I recently attended a very memorable wedding. Memorable not only because of the wonderful bride and groom and their families – although they were and are! Memorable not only due to the fantastic atmosphere – although it had that. This wedding will remain etched in my memory because I felt so uncomfortable there.
I was running late from work and rushed out the office in order to make it in time for the Chuppah. In my haste, unfortunately I forgot to take my jacket with me. And whereas there are weddings (especially in less formal Israel) where the person wearing a jacket stands out, this was the opposite. I was literally one of the only people at that wedding jacketless. I really don’t have an inflated sense of my own importance, and I know that the bride and groom, rather than my attire, were the focus of the hundreds of people there – but I can’t begin to describe how uncomfortable I felt. And there was very little I could do about it. Having cut it tight timewise I missed the reception entirely, and had I left to go and pick up my jacket I would have missed the whole Chuppah and most of the evening, something which I was just not prepared to do. So I stayed … although it would be false to claim I fully enjoyed the occasion.
I’d like to think I’ve learned my lesson and will ensure I’m properly prepared before I rush out that door for a simcha. But it got me thinking about how frequently we put ourselves in situations where we aren’t properly prepared, and then can only regret how things turn out. And the specific situation that is paramount in my mind is the whole issue of retirement planning.
The past few weeks and months I have sat with an abundance of new clients who are recognizing the importance of getting their finances in order and starting to ramp up their savings as they approach retirement age. I understand that many people find it very difficult to put aside money for a period of time that may seem very far away (in many cases even decades from now). But ignoring the issue and arriving unprepared at that time of life when most people hope to slow down and enjoy themselves, is much worse than just arriving at a wedding not properly dressed. My discomfort lasted only several hours but coming unprepared for retirement can impact your life for decades.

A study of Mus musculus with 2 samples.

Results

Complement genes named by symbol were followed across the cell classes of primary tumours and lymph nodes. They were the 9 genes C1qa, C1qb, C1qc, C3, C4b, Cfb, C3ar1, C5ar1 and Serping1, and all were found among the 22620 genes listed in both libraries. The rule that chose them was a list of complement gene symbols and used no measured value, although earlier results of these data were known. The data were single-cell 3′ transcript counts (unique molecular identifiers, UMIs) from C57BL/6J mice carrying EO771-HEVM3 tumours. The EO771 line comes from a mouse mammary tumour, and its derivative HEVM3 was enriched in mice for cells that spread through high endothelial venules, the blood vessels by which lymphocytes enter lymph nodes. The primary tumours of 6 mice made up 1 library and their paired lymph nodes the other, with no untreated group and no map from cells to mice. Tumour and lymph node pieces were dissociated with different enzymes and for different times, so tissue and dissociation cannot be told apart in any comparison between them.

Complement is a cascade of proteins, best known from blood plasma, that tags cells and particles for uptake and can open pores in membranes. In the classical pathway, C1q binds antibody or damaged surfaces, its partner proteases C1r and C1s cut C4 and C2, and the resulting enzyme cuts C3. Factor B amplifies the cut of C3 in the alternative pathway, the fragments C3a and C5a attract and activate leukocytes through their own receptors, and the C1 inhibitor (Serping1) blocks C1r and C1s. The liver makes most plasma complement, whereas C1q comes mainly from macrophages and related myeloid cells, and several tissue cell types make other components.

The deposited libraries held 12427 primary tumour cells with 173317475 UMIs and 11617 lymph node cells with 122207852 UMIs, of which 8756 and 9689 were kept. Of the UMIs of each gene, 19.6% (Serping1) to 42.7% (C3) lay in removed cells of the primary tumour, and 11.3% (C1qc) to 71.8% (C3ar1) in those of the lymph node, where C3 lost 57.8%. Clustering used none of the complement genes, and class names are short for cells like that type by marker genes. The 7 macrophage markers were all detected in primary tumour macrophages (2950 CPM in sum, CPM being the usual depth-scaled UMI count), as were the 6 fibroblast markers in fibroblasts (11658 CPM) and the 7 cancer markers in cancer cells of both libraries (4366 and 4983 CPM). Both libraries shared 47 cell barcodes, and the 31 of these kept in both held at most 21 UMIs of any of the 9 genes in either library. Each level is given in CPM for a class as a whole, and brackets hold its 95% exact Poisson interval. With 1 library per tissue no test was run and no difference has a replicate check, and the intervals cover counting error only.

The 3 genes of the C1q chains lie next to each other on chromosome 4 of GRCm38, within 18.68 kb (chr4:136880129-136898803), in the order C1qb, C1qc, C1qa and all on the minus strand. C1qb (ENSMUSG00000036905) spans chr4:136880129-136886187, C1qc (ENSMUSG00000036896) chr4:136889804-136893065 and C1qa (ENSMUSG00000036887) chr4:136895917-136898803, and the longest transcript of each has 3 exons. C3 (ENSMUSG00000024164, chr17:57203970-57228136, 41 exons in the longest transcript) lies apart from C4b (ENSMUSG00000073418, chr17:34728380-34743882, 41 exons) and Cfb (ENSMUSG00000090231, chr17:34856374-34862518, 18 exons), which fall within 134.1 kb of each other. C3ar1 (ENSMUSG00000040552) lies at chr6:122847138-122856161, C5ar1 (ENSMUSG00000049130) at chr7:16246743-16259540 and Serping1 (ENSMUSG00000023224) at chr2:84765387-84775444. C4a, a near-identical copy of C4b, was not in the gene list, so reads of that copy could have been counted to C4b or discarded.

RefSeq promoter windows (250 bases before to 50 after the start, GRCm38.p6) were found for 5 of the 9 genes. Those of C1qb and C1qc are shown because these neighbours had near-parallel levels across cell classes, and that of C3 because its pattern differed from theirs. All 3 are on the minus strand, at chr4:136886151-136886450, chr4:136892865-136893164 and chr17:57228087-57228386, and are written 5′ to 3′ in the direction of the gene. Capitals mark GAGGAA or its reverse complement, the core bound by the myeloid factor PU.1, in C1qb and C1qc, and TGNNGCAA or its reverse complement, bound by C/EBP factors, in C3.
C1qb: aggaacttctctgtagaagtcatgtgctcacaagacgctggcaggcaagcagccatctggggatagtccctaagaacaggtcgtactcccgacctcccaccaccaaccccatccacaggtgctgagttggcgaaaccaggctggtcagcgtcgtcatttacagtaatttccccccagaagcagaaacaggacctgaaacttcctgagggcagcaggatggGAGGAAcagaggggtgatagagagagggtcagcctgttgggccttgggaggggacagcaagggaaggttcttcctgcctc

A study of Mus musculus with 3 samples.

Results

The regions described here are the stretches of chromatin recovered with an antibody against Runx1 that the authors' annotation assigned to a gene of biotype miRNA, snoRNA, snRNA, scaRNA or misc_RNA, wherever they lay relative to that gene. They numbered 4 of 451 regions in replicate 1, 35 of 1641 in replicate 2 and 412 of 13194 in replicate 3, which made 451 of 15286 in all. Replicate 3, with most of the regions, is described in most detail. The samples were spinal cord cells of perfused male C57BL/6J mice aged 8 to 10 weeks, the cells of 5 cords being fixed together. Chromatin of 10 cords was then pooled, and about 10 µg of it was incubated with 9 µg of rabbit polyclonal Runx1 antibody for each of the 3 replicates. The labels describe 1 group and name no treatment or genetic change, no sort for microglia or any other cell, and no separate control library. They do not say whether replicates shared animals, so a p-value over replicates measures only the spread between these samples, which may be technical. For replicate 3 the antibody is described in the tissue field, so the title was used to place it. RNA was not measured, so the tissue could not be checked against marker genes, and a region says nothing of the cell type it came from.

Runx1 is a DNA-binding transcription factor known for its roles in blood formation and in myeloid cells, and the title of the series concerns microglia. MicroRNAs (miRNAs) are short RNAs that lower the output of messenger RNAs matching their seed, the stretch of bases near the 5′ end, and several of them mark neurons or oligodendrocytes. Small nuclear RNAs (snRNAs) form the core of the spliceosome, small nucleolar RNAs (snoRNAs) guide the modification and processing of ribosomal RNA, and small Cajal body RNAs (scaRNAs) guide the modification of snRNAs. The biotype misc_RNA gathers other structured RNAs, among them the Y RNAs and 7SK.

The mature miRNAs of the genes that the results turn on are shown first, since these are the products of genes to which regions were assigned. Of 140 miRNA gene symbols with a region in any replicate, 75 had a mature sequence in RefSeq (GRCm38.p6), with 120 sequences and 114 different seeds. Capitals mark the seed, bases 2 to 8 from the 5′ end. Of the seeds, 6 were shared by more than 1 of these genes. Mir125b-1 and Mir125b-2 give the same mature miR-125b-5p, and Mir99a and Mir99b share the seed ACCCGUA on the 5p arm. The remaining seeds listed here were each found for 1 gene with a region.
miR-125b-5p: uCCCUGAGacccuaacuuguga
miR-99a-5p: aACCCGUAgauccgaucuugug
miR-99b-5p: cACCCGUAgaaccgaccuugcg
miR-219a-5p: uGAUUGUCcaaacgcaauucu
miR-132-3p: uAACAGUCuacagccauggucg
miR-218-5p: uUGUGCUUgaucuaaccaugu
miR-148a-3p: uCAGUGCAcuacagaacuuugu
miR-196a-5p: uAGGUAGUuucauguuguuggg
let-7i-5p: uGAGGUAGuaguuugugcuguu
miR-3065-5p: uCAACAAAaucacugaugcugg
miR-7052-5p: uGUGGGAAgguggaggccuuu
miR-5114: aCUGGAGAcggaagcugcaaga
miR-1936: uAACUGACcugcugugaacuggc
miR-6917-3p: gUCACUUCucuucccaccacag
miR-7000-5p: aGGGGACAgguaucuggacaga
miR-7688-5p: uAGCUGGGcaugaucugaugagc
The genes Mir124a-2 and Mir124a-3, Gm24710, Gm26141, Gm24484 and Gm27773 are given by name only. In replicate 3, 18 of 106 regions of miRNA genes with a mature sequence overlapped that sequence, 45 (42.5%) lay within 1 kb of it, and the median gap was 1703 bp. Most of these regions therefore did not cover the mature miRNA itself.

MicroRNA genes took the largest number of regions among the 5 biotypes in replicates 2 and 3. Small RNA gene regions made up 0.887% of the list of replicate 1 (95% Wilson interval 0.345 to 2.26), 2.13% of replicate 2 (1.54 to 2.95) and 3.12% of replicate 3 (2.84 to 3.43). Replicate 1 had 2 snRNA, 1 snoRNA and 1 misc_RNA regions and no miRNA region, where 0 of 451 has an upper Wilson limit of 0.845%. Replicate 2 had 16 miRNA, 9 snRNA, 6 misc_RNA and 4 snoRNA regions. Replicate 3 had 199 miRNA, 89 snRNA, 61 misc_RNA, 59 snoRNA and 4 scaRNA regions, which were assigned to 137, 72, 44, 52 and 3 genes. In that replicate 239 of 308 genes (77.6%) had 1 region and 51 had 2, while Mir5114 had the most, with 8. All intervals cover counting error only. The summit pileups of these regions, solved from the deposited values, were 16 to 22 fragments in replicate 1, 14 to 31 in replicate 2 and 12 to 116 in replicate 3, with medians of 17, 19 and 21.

Once upon a time people expected to retire late in life and given life expectancy, live in retirement for maybe 10-15 years at maximum. But today, with life expectancy growing by a year every four to five years, people are living longer, healthier, fuller lives and they need to prepare financially for this period of time. We all hope that we are blessed with a long and healthy life, but have you thought how you will finance those decades? Medical achievements mean more years in retirement – with no monthly salary coming in, but with almost the same amount of expenses. Research shows that people need 80%-100% of their monthly salaries post-retirement. It’s a fallacy to think that you won’t need as much money to maintain your desired lifestyle. Your budget is likely to be constructed differently than it is now but it probably won’t be significantly less.
After working virtually your entire life the chances are that you will want to be like most people and have the luxury of being able to spend how you want on what you want, rather than being forced to cut back. But you won’t have that option if you have prepared insufficiently for your retirement. The Israeli government mandated savings plans can help tremendously but they will only have a real impact if people contribute for decades based on significant salaries earned. For those who start later in life or contribute based on a lower salary level, the amount saved will help but will probably not be enough to sustain your current lifestyle. Don’t make assumptions. Do the math and calculate what you can expect and then make the appropriate adjustments to the other elements of your retirement plan including:
- When to retire
- Whether to work part-time in retirement
- What standard of living to expect
- Whether to downsize your home or move to a more inexpensive location
So if you haven’t already done so, get your financial affairs in order. Make sure that your savings will be sufficient to fund your retirement. The longer you put it off, the less prepared you will be. As uncomfortable an experience as my jacketless episode was, that was one evening with no long-term effects. Arriving at your retirement without the proper preparation will have serious long-term ramifications that could even potentially destabilize the foundations of your family relationships, should you need to be dependent on your children. And that is definitely not a scenario that anyone wants to envisage.
The good news is that this doomsday scenario is avoidable … if you do everything now in your power to avoid it.